For the last ten years, people have called, written and emailed us to ask about the weather for Calvinís 12-Hour Challenge. Every year, we lie flagrantly and promise perfect weather. For the last three years weíve actually been right. Despite some Weather Channel mispredictions, May 5, 2001 dawned to clear skies and low 70 degree temperatures 175 competitive riders lined up on 163 bicycles for the start of the Tenth Annual Calvinís 12-Hour Challenge. Another 60 fun riders (that we know of) anxiously awaited their start 30 minutes after the racers.

Riders came from all over the US, Canada and even from overseas to ride this year. Participants came from DE, FL, IL, IN, KY, MA, Ml, MO, NC, NJ, NM, NY, OH, OK ONT, PA, VA, WI and Sweden. The average mileage was 180 and the average age was 43 with the oldest at 70 and the youngest at 14. Fifteen class records (including the Menís and the Womenís overall records) were broken. Race Across America vets Danny Chew, Ed Kross, Matt Bond and Al Muldoon joined RAAM hopefuls Nancy Black, Dan Jordan and Jeff Stephens to rack up training miles.

At 7:20 AM John picked up the microphone and made the traditional pre race announcements. Following a ten-year tradition, no one listened. When the race started at 7:30 John and Ann sprinted magnificently for about a mile until too much travel and not enough training took its toll. The pack quickly swallowed us up and the leaders went on to finish the first 100 miles in less than 4 1/2 hours.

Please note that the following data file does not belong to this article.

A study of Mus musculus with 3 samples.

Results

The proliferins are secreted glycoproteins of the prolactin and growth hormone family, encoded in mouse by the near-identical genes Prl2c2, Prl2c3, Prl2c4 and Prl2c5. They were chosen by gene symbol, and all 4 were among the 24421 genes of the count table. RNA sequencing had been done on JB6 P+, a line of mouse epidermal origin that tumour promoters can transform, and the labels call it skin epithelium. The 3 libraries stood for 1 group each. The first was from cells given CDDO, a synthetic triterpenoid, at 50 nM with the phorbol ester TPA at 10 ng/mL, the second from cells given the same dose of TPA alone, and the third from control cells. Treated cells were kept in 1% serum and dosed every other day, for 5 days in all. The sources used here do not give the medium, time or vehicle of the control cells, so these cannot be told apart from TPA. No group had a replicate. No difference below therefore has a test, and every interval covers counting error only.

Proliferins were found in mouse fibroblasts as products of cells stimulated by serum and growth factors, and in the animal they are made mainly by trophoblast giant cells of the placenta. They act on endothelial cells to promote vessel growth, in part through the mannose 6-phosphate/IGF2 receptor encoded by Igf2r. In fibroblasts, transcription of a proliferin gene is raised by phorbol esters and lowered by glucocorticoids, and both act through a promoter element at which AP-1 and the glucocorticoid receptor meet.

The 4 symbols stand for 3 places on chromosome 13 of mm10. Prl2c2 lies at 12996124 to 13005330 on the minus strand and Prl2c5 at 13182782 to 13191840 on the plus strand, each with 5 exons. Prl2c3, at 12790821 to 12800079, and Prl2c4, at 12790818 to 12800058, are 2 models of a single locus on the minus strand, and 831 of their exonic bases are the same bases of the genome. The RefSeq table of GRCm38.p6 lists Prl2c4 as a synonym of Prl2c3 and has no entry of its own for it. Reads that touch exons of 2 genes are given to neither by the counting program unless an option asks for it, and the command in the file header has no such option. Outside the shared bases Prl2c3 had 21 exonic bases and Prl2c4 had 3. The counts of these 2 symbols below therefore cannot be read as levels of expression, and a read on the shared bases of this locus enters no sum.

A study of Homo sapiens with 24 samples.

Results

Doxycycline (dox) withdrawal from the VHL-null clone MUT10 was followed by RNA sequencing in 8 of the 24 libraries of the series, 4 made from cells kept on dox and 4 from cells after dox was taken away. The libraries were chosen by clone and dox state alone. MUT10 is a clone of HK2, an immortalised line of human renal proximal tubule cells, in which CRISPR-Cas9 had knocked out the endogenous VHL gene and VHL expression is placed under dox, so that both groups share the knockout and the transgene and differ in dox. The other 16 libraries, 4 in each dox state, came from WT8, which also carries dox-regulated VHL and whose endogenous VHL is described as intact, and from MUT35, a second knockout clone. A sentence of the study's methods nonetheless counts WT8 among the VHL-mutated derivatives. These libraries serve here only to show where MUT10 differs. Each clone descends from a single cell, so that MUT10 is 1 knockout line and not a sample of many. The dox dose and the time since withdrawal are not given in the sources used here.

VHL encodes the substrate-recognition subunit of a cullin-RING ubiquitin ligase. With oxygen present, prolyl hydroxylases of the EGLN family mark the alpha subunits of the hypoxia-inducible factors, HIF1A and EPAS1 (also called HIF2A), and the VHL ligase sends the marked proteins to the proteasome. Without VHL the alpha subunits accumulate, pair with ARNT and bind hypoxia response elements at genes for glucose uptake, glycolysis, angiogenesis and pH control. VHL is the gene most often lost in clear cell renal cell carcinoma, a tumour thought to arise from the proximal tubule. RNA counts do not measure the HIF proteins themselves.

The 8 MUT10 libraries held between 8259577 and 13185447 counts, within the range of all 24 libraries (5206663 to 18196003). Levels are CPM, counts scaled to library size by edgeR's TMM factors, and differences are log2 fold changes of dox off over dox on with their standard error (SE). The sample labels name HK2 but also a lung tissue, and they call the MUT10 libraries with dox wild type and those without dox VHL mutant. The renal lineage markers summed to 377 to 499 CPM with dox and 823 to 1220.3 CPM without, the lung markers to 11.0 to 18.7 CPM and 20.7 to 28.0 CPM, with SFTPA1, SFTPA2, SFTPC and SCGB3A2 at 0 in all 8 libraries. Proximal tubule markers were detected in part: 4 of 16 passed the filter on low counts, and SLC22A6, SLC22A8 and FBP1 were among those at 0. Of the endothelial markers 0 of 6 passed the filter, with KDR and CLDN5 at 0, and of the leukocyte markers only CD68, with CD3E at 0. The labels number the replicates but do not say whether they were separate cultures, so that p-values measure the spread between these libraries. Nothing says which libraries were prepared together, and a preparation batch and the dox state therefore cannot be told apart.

Danny Chew, Al Muldoon, Wes Wilmer and Steve Marshall fought it out until 200 miles when Marshall elected to switched to 7 mile loops while the other three headed out for an unprecedented fifth 50 mile loop. The fifth loop was a risky decision since failure to get back by 7:30 would result in loss of the last 25 miles. The gamble paid off, however, and as Chew and Wilmer continued on two final 7-mile loops for a record-breaking 264 miles. Al Mullion finished with an outstanding 257 miles and Marshall ended up with 249. Think of this for a moment: In the age 45-49 Male class, Alís 257 miles was only good for a second place medal.

By 7:30 PM, the riders had covered a total of 24,677 miles, and turned in some amazing performances. Marianne Shepard set a new Womenís Overall Record at 220 miles. We had three handcyclists this year, Bill Shea, Greg McMahon and Dean Juntunem who impressed us all with their skill and determination. We tried drafting Bill for a while but found that a handcyclist is just too low to the ground to make a very big hole in the wind. Bill broke his old 125 mile record with 149 miles. This was Greg and Deanís first UltraMarathon event. Both handcyclists vowed to come back next year and give record holder Bill Shea a run for his money.